CPS Security Solutions, Inc., employed on-call guards to provide security at construction worksites. Part of each guard’s day was spent on active patrol. Each evening, guards were required to be on call at the worksite and to respond to disturbances should the need arise.
While on-call, the guards were required to reside in onsite trailers provided by CPS. An on-call guard who wanted to leave the worksite had to first notify a dispatcher where he or she would be and for how long. The on-call guard would only be permitted to leave if another employee was available for relief. If no reliever was available, the on-call guard was required to remain onsite, even in the case of a personal emergency. Even if relieved, an on-call guard was required to stay close enough to the site to be able return within 30 minutes, and had to be available by pager or telephone.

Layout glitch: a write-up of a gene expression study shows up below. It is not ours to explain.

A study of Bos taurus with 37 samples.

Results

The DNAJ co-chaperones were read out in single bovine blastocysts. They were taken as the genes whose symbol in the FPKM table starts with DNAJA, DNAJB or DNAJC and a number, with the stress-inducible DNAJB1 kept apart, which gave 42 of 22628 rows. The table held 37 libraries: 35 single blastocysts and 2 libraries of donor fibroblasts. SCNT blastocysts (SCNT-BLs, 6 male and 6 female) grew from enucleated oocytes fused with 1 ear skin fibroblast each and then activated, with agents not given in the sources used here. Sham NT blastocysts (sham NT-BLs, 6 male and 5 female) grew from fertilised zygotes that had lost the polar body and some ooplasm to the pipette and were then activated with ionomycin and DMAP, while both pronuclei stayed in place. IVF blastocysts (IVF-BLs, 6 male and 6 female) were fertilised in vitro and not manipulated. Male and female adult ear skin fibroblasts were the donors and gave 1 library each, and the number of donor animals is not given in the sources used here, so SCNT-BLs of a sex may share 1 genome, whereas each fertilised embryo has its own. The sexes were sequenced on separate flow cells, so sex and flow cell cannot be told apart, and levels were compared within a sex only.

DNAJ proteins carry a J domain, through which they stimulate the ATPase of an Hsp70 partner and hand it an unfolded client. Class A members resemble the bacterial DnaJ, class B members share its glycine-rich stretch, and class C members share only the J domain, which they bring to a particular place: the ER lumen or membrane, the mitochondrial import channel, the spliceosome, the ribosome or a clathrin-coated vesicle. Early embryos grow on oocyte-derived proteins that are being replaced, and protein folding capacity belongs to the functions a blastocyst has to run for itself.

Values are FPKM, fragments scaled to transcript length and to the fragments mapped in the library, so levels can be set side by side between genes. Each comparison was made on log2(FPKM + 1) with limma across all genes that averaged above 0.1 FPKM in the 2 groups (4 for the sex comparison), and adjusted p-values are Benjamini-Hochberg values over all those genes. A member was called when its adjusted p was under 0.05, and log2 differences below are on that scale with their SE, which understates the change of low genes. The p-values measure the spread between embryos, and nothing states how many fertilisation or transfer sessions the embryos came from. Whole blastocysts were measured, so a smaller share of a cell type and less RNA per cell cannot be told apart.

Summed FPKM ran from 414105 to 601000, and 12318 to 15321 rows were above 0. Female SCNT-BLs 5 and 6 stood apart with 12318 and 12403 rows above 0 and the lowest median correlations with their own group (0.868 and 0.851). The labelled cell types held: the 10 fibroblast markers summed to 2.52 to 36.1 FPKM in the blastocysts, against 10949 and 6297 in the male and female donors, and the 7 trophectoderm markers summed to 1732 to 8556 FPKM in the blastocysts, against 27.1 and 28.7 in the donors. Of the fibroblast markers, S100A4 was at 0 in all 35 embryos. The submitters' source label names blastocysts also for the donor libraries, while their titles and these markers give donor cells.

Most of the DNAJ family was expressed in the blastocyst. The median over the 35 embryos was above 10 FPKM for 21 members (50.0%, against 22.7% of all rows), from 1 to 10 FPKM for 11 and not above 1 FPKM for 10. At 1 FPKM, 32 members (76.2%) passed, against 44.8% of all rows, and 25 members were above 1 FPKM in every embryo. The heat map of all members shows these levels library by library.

The CPS security guards were paid hourly for time spent patrolling the worksite, however, they received no compensation for on-call time unless they were required to perform certain work duties during their on-call period, such as responding to an alarm or conducting an investigation.
The CPS security guards filed suit, alleging that CPS’s on-call compensation policy violated minimum wage and overtime obligations.
The California Supreme Court concluded that the security guards’ on-call time constituted hours worked within the meaning of California’s labor laws and was subject to minimum wage and overtime requirements. The Supreme Court ruled that security guards are entitled to compensation for on-call hours spent at their assigned worksites under their employer’s control, including sleep time.